Oregon Business


The inserts are made out of acrylic glazing edged with a spring bulb. When you press the insert into place, the spring bulb compresses, holding the glazing securely in place, just like a refrigerator door.

Portland startup Lecere sues its own investors over online comments

In a series of increasingly barbed posts this fall and winter, a new federal lawsuit alleges, these critics called Morris a "criminal," a "clown" and a "scum bag rotten piece of trash with no morals."

Oregon companies enjoy banner year

While Oregon’s economy remained in the tank throughout 2010, the state’s publicly traded companies enjoyed a banner year.

Commissioner Leonard Steps Up Portland’s War on Fun

The first attack is on craft beer, the city’s primary cultural export.

Oregon in ‘death spiral,’ Gov.-elect John Kitzhaber tells business leaders

Oregon is headed for a fiscal catastrophe unless its leaders make dramatic changes in the way the government spends its money and delivers services, business leaders told state officials Monday.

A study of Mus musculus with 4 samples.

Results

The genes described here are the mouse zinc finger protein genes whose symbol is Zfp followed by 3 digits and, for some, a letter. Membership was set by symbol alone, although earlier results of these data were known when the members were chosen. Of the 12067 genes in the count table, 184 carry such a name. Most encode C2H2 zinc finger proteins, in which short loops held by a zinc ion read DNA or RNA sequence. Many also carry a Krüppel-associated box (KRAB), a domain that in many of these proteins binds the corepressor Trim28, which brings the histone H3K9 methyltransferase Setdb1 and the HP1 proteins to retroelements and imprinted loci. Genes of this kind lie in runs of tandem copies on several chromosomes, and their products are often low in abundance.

Central Oregon white buffalo herd featured on special Pendleton blanket

The herd is set to gain some new notoriety. Pendleton Woolen Mills is making Navajo-style "medicine blankets" using wool and blended white buffalo hair that the bison have shed. The blankets are new this season and the mill tentatively plans a second, larger run for 2011, says spokesman Robert Christnacht.

Act-On resists Silicon Valley’s call, lands $4 million in venture capital anyway

"Who are these guys to tell me that I should only succeed down there?" asks Raghavan, Act-On’s founder and CEO. "It’s ridiculous to think you can’t succeed in Oregon."

Hi-Tec moving U.S. headquarters from California to Portland

"Portland is a hub for some of the best talent in our industry," said Bill Berta, chief executive officer for Hi-Tec USA. "Few cities share our values and commitment to a healthy, outdoor lifestyle like Portland. We could not be happier to be here."

In reverse of offshore trend, Oregon manufacturing thrives when high-tech, high-quality products are needed

"There are certain manufactured products that will need to stay here," Hauge says. "If it’s engineering intensive, if it’s low-volume, if it’s controlled by the government or if it’s a new product where you need to get the bugs out before mass production."

Governor’s Council of Economic Advisors say State needs to reform or repeal kicker law

"It’s increasingly clear that the kicker makes no sense whatsoever," said council Chairman Joe Cortright, president and principal economist at Impresa Inc. "It’s something we should get rid of."